The already grim financial health of state governments is worsening, with tax revenues falling and budget gaps widening during the first half of the current fiscal year.
Over the next year, states will face a combined budget gap of more than $94 billion.
Most states are considering tax increases, as well as more cuts to bridge the difference between weak tax revenues and the money needed to run government.
But a report by the National Conference of State Legislatures being released Tuesday concludes there is "no immediate end in sight" to severe budget troubles.
Among the dismal findings in the report, compiled from data collected during the first six months of the fiscal year that began July 1:
- The collective budget shortfall for state governments jumped nearly 50 percent between November and January, rising from $17.5 billion to $25.7 billion, despite scaled-back spending plans.
- Next year's projected shortfall is $68.5 billion, a nearly 40 percent jump from this year's estimate of $49 billion.
- Thirty-six states reported current gaps between income and spending; 19 states were missing money equal to 5 percent or more of their total budgets.
The report came a day after President Bush gave Congress his $2.3 trillion spending plan for the 2004 fiscal year starting Oct. 1.
In response to the states' requests for more federal aid, particularly for Medicaid and for new anti-terrorism initiatives, Mr. Bush proposed to give states more latitude in spending federal money for Medicaid, which provides health coverage for the poor, and for Head Start preschools in low-income neighborhoods.
His budget projects federal grants to state and local governments to rise nearly 4 percent next year to $398.8 billion, about 18 percent of the federal budget.
More than $18 billion of the increase, however, is in mandated benefit programs such as Medicaid — a program whose costs the federal and state governments split.
For discretionary grant programs, Mr. Bush is asking Congress to cut what it appropriates for state and local governments to $154.1 billion, compared with $157.8 billion this year.
Besides his spending priorities, the president's tax plan might also hurt states that base their income taxes on the federal definition of taxable income. One report estimates that the president's plan to eliminate the tax on stock dividends could cost states $4.3 billion.
States already have taken sweeping actions to deal with their plight, from massive layoffs of state workers in Connecticut to early prison releases in Kentucky. Oregon is considering canceling days of school.
To bridge budget gaps, many states used their rainy day funds, others money from the nationwide settlement with the tobacco industry. Every state but Vermont faces a constitutional requirement to balance its budget.
For all but four states, the 2003 fiscal year began in July. Twenty-nine states so far imposed across-the-board budget cuts, with eight states laying off workers. Others cut programs in elementary and higher education, Medicaid and corrections.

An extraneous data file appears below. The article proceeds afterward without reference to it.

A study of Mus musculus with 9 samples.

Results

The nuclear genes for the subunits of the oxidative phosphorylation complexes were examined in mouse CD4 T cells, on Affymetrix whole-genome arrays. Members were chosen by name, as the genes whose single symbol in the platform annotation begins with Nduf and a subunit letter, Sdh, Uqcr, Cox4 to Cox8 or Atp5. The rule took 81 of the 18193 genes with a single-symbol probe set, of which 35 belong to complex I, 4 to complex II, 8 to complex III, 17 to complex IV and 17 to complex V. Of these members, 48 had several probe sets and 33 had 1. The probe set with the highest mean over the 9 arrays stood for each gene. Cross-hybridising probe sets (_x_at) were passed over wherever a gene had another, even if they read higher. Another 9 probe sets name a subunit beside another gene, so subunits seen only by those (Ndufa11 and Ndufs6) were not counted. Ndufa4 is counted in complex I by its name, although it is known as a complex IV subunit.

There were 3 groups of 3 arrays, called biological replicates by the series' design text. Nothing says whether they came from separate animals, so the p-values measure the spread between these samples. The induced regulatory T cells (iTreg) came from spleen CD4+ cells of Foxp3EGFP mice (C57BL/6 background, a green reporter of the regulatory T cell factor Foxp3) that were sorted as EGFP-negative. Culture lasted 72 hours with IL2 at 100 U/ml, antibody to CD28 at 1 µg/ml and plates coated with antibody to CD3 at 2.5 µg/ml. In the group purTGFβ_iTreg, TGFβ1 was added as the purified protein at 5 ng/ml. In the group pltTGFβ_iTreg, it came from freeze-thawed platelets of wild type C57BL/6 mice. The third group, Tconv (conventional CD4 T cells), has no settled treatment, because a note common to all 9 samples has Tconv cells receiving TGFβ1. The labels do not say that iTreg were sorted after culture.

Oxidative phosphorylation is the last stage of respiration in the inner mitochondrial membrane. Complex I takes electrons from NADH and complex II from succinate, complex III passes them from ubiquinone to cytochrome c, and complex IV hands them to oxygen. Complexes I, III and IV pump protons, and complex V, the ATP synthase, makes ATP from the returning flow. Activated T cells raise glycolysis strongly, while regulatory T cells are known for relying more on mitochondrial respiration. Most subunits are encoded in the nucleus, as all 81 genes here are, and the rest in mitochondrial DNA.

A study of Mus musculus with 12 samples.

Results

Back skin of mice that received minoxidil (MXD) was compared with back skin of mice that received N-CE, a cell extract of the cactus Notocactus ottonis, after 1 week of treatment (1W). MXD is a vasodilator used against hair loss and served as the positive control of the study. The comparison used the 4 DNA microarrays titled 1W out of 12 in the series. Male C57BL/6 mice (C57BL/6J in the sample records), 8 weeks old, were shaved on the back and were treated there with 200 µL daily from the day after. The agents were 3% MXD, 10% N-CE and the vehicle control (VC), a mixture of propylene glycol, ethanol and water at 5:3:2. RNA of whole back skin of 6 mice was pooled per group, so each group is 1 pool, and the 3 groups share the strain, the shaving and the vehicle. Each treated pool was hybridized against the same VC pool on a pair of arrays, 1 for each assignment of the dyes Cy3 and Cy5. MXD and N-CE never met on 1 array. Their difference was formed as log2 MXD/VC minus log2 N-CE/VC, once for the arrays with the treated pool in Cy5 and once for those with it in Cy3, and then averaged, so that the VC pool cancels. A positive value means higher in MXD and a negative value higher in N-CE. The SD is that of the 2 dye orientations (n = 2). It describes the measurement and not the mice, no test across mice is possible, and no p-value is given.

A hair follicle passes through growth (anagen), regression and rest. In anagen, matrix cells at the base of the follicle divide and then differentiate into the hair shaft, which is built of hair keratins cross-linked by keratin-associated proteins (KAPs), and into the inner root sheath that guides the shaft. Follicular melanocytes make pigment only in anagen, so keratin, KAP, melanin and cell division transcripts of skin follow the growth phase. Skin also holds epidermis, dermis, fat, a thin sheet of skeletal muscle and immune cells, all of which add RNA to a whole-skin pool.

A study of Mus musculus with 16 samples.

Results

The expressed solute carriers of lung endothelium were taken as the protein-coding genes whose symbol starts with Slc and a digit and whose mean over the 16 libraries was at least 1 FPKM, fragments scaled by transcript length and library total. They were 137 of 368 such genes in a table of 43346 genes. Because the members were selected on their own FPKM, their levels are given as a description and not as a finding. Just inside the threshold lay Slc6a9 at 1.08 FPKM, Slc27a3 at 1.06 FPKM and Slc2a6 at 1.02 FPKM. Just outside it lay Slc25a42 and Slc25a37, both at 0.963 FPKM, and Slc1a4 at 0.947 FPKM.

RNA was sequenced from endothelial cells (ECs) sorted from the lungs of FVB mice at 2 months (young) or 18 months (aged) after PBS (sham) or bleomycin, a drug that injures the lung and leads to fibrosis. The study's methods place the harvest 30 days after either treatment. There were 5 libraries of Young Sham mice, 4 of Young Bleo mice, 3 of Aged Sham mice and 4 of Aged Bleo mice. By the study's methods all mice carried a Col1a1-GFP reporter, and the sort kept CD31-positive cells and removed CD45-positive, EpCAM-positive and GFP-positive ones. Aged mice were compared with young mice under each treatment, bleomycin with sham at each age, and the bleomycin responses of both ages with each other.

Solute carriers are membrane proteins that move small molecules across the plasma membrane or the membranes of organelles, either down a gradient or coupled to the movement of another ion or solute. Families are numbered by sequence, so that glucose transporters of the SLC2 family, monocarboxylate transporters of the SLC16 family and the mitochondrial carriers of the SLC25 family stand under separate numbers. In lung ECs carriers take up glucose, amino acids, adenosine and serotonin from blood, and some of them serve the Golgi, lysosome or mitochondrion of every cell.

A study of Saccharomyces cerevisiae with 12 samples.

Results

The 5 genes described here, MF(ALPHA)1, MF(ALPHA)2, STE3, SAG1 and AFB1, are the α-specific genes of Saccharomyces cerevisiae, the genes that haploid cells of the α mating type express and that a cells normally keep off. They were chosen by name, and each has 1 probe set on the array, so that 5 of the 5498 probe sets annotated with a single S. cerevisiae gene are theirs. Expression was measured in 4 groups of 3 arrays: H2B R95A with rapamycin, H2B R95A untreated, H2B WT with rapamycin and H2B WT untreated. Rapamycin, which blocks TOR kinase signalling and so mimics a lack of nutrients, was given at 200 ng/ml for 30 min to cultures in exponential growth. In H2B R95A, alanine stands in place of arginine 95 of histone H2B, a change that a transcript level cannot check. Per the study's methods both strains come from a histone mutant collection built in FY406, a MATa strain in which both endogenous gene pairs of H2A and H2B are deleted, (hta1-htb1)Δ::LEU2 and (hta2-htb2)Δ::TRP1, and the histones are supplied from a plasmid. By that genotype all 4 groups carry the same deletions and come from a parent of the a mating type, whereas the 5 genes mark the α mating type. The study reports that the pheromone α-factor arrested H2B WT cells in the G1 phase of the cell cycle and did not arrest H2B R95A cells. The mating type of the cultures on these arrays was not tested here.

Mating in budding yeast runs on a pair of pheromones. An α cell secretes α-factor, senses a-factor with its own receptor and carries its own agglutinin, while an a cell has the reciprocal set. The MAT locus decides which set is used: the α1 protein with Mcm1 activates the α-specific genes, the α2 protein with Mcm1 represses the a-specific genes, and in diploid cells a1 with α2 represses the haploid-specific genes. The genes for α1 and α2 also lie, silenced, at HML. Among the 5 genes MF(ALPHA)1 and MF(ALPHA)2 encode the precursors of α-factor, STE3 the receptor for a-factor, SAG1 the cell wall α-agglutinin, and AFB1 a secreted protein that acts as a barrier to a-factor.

Projections for tax revenues, the fuel that runs state programs and services, were too high in at least 30 states, even though all scaled them back as the economy worsened.
Next year promises to be worse, the report found. Again, 36 states reported they expect a shortfall next year, and half of them said it would equal at least 10 percent of their budget.
For many states, the problems are the result of three trends. First, states enacted tax relief during the boom years when revenues soared, giving them less capacity for raising money now that incomes are down.
Also, Medicaid costs are soaring. In addition, homeland security needs have added a new burden to state budgets.
The problems stretched nationwide. In California, a conservative estimate of next year's gap equaled 30 percent of the budget; in New Jersey, the budget shortfall equaled 18.5 percent. Minnesota's is 15 percent.
"It's a struggle just to provide essential state services … just what's absolutely critical," said Kansas state Sen. Steve Morris.
His state faces an estimated $750 million shortfall next year, NCSL said.
Eckl said the shortfalls since the economy began weakening in 2001 add up to $180 billion, with the total likely to break $200 billion by the year's end.
In contrast, states cut $35 billion in taxes over the course of seven boom years during the 1990s; last year, states raised taxes overall by $9.1 billion.
The question now is what can states do to get through the tough times.
The report found that tax increase proposals are being considered in 24 states; at least 14 will consider higher cigarette taxes, while six are weighing higher taxes on alcohol. Six states are looking at sales taxes, four at income taxes.
"There are lawmakers across this nation who promised as part of their platforms that they wouldn't raise taxes," Eckl said. "Now they'll have to see if they can abide by those promises."
Last year, Nebraska lawmakers approved temporary increases in sales and income taxes. Now, they're weighing severe cuts in services against extending those increases for another year or adding new taxes.
"It's every bit as bad as we've ever seen," Nebraska state Sen. Roger Wehrbein said.